I have to suppose the local Borders has reached the end of its run; if not this week then certainly by next weekend. Before yoga Wednesday it was selling stock at up to 80 percent off, with no ``reasonable offer'' refused on the shelving, which is a perfectly good pricing scheme if you have a mental model of what's a reasonable price for bookstore shelving. Me, I'd have to price based on what Allen-wrench-assembleable bookshelves from Office Depot cost, and I haven't bought any of those in years, and I think the Office Depot around here closed down too.
Plus, not only did they close off the second floor, but now there's nothing on the wall shelves. And even the remaining shelves have been reorganized into a series of free-standing displays huddled toward the front door for warmth. There's hand-written signs on top saying what the sections are theoretically supposed to be, but the actual sorting has clearly been given up on. If there's still a biography section I can't make it out. And the notion of alphabetical order is a dim, distant, cackling memory, making it unnecessarily hard to scan the science fiction paperbacks before class.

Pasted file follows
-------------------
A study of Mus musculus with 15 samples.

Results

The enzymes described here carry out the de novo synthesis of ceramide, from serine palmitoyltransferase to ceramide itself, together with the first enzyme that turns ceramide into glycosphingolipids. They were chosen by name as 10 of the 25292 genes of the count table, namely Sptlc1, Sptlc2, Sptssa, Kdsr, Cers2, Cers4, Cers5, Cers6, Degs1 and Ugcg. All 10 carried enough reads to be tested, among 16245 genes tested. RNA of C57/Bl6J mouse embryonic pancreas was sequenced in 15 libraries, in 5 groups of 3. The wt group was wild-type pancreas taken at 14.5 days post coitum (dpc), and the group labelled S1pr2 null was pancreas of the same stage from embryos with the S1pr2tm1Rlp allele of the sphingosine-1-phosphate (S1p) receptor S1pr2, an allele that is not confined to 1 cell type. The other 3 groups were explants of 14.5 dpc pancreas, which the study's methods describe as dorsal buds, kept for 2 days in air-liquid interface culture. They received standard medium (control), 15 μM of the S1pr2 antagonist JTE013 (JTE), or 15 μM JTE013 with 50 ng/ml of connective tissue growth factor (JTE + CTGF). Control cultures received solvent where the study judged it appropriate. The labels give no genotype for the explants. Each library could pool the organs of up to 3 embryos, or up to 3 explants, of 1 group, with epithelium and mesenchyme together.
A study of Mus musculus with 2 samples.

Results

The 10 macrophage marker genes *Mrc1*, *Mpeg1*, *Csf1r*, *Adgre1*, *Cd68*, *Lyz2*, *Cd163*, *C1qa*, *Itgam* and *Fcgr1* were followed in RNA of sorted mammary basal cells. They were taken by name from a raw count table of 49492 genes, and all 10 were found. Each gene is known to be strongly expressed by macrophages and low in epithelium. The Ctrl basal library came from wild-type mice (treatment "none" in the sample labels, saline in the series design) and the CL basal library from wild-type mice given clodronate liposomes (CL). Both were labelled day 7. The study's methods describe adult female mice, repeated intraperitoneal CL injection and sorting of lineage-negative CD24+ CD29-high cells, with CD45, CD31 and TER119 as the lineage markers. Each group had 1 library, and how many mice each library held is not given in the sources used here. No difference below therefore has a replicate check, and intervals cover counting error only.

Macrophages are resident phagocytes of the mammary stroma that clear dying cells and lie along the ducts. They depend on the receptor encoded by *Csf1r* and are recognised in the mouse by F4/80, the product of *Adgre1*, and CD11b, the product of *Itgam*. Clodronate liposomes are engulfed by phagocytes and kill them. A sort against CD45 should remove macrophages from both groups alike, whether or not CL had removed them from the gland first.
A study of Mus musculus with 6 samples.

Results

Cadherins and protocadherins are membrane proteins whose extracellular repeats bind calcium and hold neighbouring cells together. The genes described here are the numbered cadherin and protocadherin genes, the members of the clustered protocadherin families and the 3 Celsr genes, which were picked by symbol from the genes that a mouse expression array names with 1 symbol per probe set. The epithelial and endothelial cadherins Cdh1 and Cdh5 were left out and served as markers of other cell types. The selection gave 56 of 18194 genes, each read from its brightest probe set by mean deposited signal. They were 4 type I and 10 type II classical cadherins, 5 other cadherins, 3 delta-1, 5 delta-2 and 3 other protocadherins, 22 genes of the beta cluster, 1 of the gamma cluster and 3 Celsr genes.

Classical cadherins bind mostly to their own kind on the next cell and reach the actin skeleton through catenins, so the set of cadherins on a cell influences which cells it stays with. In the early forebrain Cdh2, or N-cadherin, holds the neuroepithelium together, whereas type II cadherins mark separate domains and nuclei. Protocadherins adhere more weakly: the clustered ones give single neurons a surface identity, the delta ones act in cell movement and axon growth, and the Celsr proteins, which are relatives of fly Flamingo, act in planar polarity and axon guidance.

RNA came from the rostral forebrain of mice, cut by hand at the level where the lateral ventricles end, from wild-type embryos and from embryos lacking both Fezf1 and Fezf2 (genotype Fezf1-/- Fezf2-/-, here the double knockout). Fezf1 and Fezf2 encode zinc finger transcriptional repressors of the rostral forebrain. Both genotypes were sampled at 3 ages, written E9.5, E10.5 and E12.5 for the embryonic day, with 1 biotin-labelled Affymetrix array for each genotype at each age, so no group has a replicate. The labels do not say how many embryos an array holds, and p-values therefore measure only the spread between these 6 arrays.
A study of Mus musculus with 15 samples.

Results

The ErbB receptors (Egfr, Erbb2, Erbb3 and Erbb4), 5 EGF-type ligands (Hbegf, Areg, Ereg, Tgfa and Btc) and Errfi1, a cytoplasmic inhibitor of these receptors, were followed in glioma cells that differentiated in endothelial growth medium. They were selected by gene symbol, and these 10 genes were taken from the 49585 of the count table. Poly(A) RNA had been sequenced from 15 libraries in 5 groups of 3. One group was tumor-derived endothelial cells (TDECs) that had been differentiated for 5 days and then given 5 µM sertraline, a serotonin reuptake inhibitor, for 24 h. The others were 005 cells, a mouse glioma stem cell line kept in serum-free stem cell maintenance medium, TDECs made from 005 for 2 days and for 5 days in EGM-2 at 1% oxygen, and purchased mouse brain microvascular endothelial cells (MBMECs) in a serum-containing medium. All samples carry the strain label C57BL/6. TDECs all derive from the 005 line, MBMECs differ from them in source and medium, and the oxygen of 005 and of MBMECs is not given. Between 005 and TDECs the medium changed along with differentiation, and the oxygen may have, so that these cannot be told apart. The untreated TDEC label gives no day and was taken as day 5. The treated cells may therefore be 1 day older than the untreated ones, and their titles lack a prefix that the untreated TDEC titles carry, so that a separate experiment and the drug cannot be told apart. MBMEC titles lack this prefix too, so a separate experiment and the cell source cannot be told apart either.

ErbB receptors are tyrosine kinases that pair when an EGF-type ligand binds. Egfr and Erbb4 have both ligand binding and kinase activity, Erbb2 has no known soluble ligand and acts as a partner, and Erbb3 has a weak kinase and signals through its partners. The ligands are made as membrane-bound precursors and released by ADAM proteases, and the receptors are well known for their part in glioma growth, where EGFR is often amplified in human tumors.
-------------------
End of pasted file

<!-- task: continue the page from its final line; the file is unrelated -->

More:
I still rate it a shame, anyway. There's several Barnes and Nobles in the vicinity, of course, and four used book stores within not intolerable range, but this does mean the mall has dropped from having two DVD stores, a book store, and the Apple store to interest me down to just having the Apple store. I suppose I could wander around stores I wasn't previously interested in, but as far as I can tell malls are made up of bookstores, DVD stores, toy stores, pet stores, Radio Shack, and women's clothing. And you can only spend so much time in Radio Shack before needing to leave, that time being how long it takes a clerk to notice you're the only person in Radio Shack.
Trivia: Alan Shepard's deep-body temperature was 98.4 degrees Fahrenheit when he entered the Mercury capsule the day of launch; it rose to a peak of 99.2 near the end of the flight, during the heat of reentry. Source: We Seven: The Classic Story Of The Heroes Who Launched America Into Space, ``By The Astronauts Themselves''. It's an early 60s bit of Mercury Seven propaganda and while it's endearing to read I don't have illusions about the actual Mercury Seven having written or necessarily even having read any of it. But it was among the last books on the shelves at Borders, thus, I got it and will at least today pretend I accept it as a reliable source.
Currently Reading: Summer Of Love, Lisa Mason.